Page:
One of the undergraduate students attending my Ansible for Networking Engineers online course got to the point where he wanted to start hands-on work and sent me a list of questions:

Do I have to buy a VIRL license to use your Ansible course materials? Or is VIRL in any Github repository? Is there a way to use your files in a free Tool like GNS3?

Let’s go through them one by one:

  • Is VIRL somewhere in my GitHub repositories? No. VIRL is a commercial product sold by Cisco Systems.
  • Do you have to buy VIRL to use the Ansible course materials? Of course not. Most of my examples use Cisco IOS (because I’m familiar with the platform for historic reasons), but you can easily adapt them to work with other platforms (I’ve heard some people within Cisco think Arista EOS is a close alternative), or build a Cisco IOS lab in a variety of ways.
  • Can you use the example files in a free tool like GNS3? Absolutely. I’m publishing the VIRL topologies I’m using to run my examples in case someone wants to replicate them, but of course you can also open those same files in any text editor (they are XML files) and extract the router configurations if you wish.

But what if you’d like to work in a virtual lab built from Cisco routers without paying for VIRL? There are numerous alternatives to VIRL, some of them completely legal, others a bit less so. For example, some course attendees would download Cisco CSR ISO image and build a lab using multiple VMs by hand. Someone turned Cisco CSR images into Vagrant boxes (the instructions are somewhere on the Internet) and used Vagrant to build the lab topology. If you like Docker, use vrnetlab from Kristian Larsson. Finally, there are other free tools like GNS3 or EVE-NG.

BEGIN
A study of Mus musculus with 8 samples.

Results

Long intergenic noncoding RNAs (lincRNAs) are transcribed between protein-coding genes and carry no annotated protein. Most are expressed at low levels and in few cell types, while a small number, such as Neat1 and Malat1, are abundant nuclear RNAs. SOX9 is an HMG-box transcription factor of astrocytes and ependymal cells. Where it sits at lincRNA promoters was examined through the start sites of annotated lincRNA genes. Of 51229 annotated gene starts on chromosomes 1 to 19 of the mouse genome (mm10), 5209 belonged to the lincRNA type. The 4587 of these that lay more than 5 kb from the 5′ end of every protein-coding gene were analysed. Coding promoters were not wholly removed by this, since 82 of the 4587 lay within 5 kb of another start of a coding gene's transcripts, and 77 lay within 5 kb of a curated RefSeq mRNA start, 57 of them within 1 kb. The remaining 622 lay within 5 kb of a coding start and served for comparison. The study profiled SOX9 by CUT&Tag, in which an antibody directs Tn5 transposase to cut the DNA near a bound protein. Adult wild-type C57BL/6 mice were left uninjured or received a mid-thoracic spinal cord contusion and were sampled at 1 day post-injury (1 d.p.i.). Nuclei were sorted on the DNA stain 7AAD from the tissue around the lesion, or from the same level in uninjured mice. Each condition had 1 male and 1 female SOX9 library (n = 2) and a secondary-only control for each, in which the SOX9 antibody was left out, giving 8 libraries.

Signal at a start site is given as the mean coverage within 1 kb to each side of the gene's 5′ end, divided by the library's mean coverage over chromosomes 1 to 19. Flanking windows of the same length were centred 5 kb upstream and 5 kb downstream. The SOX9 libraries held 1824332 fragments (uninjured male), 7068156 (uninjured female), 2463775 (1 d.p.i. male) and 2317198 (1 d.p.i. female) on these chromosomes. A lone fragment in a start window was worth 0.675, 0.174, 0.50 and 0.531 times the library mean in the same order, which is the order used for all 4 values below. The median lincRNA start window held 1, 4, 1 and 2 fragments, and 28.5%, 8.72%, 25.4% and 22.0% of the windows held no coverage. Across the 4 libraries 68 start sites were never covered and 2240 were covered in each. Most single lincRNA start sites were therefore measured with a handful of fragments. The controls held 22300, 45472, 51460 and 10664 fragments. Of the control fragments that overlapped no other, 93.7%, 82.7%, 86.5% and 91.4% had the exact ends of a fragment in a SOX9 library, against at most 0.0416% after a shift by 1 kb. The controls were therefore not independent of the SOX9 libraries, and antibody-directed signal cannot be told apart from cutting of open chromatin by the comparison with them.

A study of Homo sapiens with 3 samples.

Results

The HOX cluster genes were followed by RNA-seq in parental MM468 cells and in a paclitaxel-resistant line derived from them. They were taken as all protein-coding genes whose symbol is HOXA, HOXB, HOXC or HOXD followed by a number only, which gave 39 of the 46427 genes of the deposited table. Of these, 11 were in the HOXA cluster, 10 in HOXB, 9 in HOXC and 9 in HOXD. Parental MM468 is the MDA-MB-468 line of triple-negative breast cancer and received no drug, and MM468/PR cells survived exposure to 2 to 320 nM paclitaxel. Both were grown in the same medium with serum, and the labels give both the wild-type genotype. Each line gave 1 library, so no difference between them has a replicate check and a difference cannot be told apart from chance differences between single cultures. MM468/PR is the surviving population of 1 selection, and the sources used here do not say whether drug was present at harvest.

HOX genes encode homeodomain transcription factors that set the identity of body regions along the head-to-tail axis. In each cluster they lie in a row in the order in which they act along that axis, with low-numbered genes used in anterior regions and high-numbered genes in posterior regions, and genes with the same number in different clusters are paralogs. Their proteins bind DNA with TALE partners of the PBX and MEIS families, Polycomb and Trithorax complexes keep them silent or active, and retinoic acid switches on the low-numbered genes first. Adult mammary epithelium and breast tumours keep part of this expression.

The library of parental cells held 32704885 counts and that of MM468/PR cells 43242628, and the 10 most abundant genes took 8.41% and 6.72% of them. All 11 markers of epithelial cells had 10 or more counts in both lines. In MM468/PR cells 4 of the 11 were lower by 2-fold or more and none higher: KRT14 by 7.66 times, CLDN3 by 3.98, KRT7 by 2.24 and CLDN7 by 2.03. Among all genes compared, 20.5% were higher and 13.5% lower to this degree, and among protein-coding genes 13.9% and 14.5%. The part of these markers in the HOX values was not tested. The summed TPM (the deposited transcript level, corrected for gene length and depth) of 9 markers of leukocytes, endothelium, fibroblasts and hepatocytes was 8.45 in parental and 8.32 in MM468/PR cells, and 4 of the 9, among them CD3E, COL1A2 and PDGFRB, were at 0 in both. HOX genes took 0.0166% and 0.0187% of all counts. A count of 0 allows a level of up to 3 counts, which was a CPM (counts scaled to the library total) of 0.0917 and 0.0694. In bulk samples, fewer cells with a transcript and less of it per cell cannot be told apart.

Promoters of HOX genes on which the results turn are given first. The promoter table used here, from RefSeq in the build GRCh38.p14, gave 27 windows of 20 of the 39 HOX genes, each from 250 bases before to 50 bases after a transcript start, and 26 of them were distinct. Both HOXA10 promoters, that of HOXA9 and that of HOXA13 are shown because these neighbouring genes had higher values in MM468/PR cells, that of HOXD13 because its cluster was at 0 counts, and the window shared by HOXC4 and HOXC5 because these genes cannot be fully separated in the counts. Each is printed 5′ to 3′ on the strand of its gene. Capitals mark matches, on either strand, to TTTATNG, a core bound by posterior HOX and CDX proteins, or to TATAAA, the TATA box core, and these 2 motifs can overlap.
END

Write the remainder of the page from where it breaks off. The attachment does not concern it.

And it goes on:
Also, there’s no need to blindly follow my examples. You’re an engineer, find alternatives ;)

The variety of equipment the course attendees use is amazing. I’ve seen labs built with Arista EOS, Cumulus VX, Cisco IOS (in various incarnations), Cisco Nexus-OS, Juniper vSRX, vMX and vQFX. I think I’ve even seen someone using HP or Dell switches. The most important part goal of the course is that you learn how to automate the equipment you have in your network.

Sounds like fun? Join hundreds of your peers who already started they journey into network automation land.

Finally, I use VIRL because I’m familiar with Cisco IOS, I already paid for VIRL, it works well for me, and paying for it is still cheaper than investing my time into exploring alternatives and building something. However, if you have a choice, go with a vendor that gives you a virtual lab environment for free; there’s no reason to pay a vendor tax for virtual test lab in 2017.